Open Access, Brexit and the upcoming post-18 review will all impact the industry in the next five years, the Academic Book Trade Conference was told.
Peter Lake, group business director of John Smith Group, said most of the market in the UK will face challenges in the immediate future, although he stressed the trade will weather the storm.
He told attendees on the final day of the ABTC in Kenilworth: "The next 10 years are not going to be as good as the last 10 years but with my publishing hat on, it's going to be the case that the market is going to have challenges in the UK in the immediate future. There's a lot to be excited about in some other markets whereas the UK will be one with more challenges. We are used to challenges and the businesses here have been around for a vey long time, have very deep roots and very good relationships with institutions. On the whole, it's going to be tough in some markets but I would be optimistic if I was a publisher with one caveat. I think Open Access is a one way bet - just assume it's going to have an impact on your business because thats a much better bet than asuming it won't. It could have avery profound impact. Start thinking about your strategy."
Speaking to booksellers, Lake said the trade must "up its game" to work better with publishers and universities.
"For booksellers they are much more constrained to a single market and the impact in the UK will be felt. We continue to have to up our game to stay relevant, we have to do better to be a better partner for publishers and universities. There is a role to be played and being the intemediary in the value chain we need to help universities get more out of resources."
HE commentator Louis Coiffat said British universities could face challenges in the short term with the upcoming post-18 review amid speculation tuition fees will be capped at £7,500 and warned Brexit uncertainty will affect university investments.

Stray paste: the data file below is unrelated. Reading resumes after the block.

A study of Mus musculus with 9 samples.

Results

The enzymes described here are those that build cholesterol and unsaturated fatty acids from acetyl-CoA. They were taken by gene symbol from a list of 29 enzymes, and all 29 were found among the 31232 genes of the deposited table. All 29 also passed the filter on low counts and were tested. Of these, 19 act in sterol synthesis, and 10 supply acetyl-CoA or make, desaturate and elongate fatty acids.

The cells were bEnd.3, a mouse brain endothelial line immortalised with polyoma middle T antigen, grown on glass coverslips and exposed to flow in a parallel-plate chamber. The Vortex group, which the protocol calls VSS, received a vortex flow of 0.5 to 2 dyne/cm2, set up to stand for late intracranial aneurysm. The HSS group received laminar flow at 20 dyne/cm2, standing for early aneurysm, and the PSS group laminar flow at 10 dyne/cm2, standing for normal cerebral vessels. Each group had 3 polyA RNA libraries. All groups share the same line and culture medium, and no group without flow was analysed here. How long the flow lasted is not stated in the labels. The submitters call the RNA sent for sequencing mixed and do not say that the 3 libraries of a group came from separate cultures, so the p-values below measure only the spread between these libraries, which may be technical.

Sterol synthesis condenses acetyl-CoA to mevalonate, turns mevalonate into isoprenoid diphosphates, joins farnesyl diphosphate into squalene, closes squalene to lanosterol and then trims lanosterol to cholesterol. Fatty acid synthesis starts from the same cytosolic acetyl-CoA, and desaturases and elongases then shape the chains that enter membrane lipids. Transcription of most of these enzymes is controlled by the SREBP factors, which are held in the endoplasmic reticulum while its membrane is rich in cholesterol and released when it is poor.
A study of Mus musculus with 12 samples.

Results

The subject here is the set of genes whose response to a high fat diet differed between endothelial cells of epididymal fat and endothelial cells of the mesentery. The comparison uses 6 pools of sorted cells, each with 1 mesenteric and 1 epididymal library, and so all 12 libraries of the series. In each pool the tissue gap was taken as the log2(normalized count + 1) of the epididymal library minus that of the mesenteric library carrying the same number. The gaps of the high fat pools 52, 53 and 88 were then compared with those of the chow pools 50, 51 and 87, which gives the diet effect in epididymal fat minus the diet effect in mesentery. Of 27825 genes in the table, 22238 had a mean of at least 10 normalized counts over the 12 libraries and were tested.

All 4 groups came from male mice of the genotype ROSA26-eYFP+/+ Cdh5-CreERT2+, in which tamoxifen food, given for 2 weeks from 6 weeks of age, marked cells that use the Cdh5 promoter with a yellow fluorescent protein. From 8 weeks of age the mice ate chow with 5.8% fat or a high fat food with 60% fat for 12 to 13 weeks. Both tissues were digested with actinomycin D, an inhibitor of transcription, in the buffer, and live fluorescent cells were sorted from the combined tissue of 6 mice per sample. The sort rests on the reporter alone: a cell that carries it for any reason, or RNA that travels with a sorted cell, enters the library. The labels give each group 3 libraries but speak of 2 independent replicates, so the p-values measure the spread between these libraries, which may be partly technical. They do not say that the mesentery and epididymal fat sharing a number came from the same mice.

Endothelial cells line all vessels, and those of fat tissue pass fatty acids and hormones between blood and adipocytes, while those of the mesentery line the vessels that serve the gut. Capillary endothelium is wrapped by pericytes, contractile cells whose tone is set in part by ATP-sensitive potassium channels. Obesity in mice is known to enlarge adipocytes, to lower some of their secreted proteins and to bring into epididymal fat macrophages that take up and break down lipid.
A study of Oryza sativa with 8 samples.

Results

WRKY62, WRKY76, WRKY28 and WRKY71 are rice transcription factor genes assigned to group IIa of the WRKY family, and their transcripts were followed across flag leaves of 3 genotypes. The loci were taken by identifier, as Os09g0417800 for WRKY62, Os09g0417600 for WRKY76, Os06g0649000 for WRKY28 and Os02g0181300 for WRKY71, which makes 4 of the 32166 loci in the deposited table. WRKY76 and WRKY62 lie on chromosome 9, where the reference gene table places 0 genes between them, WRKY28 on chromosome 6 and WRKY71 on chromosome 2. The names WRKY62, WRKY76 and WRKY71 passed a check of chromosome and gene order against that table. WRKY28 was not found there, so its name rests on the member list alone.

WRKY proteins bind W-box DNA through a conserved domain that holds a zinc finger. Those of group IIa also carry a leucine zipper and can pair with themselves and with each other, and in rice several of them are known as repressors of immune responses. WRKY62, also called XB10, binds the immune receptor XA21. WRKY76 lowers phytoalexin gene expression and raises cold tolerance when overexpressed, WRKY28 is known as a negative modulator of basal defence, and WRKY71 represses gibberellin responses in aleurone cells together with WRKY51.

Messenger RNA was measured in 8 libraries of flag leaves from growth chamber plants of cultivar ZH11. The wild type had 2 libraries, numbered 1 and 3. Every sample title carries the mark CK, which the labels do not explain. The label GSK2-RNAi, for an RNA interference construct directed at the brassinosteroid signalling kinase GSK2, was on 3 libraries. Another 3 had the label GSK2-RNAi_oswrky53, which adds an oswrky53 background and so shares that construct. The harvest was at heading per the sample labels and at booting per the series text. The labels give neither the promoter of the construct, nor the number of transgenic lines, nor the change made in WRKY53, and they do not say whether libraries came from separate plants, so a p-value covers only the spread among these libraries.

"There is a mix of optimism and pessimism. In the short term it's tough for British universities. In particular, the post-18 review, although it could deliver good things, but the leaks are scary with talk of £7,500 fees, some of those could be quite big but I'm hopeful it won't be massive but latest I've heard is 7.5 number caps and that would make a big difference to universities," said Coiffat.
He added the ongoing uncertainty around Brexit is not helpful to universities attempting to write strategic plans for the next five years. Coiffat, head of policy at London Metropolitan University, said: "I'm writing our six year stratgic plan at the moment and we're being asked to write a plan a,a plan b,and a planc. We are being cautious to get our fiances in order so whatever a b or c looks like we are in a position to respond to it. We are not going to be making huge investments but we are cautious."
Lake and Coiffat co-chaired the two-day conference which also hosted the ABTC awards with Oxford University Press awarded Publisher of the Year and Blackwell's named Chain Bookseller of the Year.
Earlier at the conference, Lynn O'Neill, chair of the Booksellers Association Academic Booksellers Group, urged the academic book trade to "work together in these turbulent times."